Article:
Penned By: The Dapper Boi Crew
It feels like a lifetime ago, but there was a time that I used to date men. I only had one serious boyfriend, but I definitely had my fair share of dates that never went anywhere. Then I moved here to San Diego from upstate NY after college. Within a year, I was in my first relationship with a woman. We kept our relationship a secret for 4½ years, and when we broke up, I was heartbroken. I needed my family and knew it was time for me to tell them the truth.
I feel that people shouldn’t need to “come out” anymore. There shouldn’t be so much pressure on selecting a gender to date. Let people live their authentic lives without judgment. Let people love who they want to love. I am so happy to see that times are changing. I know that with a little confidence and community, we will get there!
Unfortunately, I was out-ed by a "friend" in college. My mother already had some suspicion and asked me numerous times if I was gay, but I would shrug it off. Fortunately, she and my family have always been very supportive of who I am. I am extremely grateful, because this is not the case for so many people in our community.
I was 22 years old and far away from home living with my “friend” in Myrtle Beach, SC. When things took a turn and a breakup was inevitable, I had nowhere else to turn but my mother and father. With a broken heart and crying I picked up the phone. Dialed each number as slow as I could….
Me: Hey mom! (holding back tears)
Mom: What’s wrong?
Me: Crying, sobbing, explaining
By this time my father got on the other phone and was listening with my mom.
Me: So, do you still love me?
Dad: You’re our daughter and we love you. And that’s all we know.
Mom: Yep, we love you no matter what. Now let’s get you home.
I became aware that I was “different” at an early age. I was lousy at sports and was teased for having feminine traits, sometimes mercilessly. I remember being beaten up for no reason. Back then, it still wasn’t socially acceptable to be anything other than straight. My loving parents tried to make me “more of a man” not because they hated gay people, but because they wanted me to have a good life.
I learned to gain acceptance by leveraging my talent and intelligence. Somewhere along the way, I lost sight of who I was—or who I was supposed to be. I knew that I was attracted to both sexes, and because it was the early 70s, I had experiences with both. But, I was never comfortable saying I was gay or straight. Eventually, I married and raised a family. I committed to my wife, our marriage, and our two beautiful kids. I reaped many rewards from this period of my life, none more important than the love between a father and his children. Unfortunately, divorce was inevitable, and I spent the next decade trying to figure out who I was as a result. I did have a couple of LTRs with men. But, I still felt uncomfortable, like I didn’t fit in anywhere.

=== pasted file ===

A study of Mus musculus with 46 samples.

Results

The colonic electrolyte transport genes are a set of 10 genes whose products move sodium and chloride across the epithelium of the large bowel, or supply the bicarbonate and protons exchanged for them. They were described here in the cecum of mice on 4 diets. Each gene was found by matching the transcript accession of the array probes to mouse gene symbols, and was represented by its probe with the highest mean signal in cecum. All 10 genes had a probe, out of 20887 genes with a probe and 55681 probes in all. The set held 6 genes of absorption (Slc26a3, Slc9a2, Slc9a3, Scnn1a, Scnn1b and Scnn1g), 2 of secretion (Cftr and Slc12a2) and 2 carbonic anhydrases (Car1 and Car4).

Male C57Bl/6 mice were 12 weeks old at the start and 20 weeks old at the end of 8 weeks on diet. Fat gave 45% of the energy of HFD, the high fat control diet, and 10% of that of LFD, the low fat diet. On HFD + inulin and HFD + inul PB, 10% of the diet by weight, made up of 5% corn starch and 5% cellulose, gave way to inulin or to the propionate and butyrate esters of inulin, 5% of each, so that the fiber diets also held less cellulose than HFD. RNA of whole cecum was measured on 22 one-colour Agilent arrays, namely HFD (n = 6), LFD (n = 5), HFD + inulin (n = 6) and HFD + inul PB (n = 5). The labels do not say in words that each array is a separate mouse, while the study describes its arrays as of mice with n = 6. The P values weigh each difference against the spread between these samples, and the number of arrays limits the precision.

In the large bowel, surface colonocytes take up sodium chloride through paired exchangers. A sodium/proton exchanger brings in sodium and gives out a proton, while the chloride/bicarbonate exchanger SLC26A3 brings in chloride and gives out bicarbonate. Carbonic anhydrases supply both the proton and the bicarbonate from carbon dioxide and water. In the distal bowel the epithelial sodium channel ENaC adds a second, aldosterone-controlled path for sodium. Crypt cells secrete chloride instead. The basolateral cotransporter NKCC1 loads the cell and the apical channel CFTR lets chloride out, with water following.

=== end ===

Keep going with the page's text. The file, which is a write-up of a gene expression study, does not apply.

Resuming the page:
Today, I accept that I land somewhere in the middle of the sexuality spectrum. If someone questions my sexuality, my honest answer is, “I’m Vince.” Because in the end, I’ve learned it’s not about “what” we are. It’s about who we are. And I am who I’m supposed to be. I’m finally comfortable. I’m a loving father. I’m Vince.
I remember women catching my attention as early as 5 years-old. I didn’t understand why, because I’d only ever seen men and women together—in real life, in movies, everywhere. During a random conversation with my father once, I said, “One day when I grow up and turn into a boy…” He cut me off right there. He broke the news that I’d never turn into a boy. As a kid, I figured that was the only explanation for liking girls. I’d turn into a man and it would all make sense. But, we never spoke of it again.
Fast forward to high school graduation. I wrote my parents a letter and called all my good friends on the phone to tell them I was gay. I was terrible at not being anyone other than me and couldn’t take it anymore. Those who wanted to stick around were more than welcome, those who didn’t, would spare me and disappear. Best day of my life.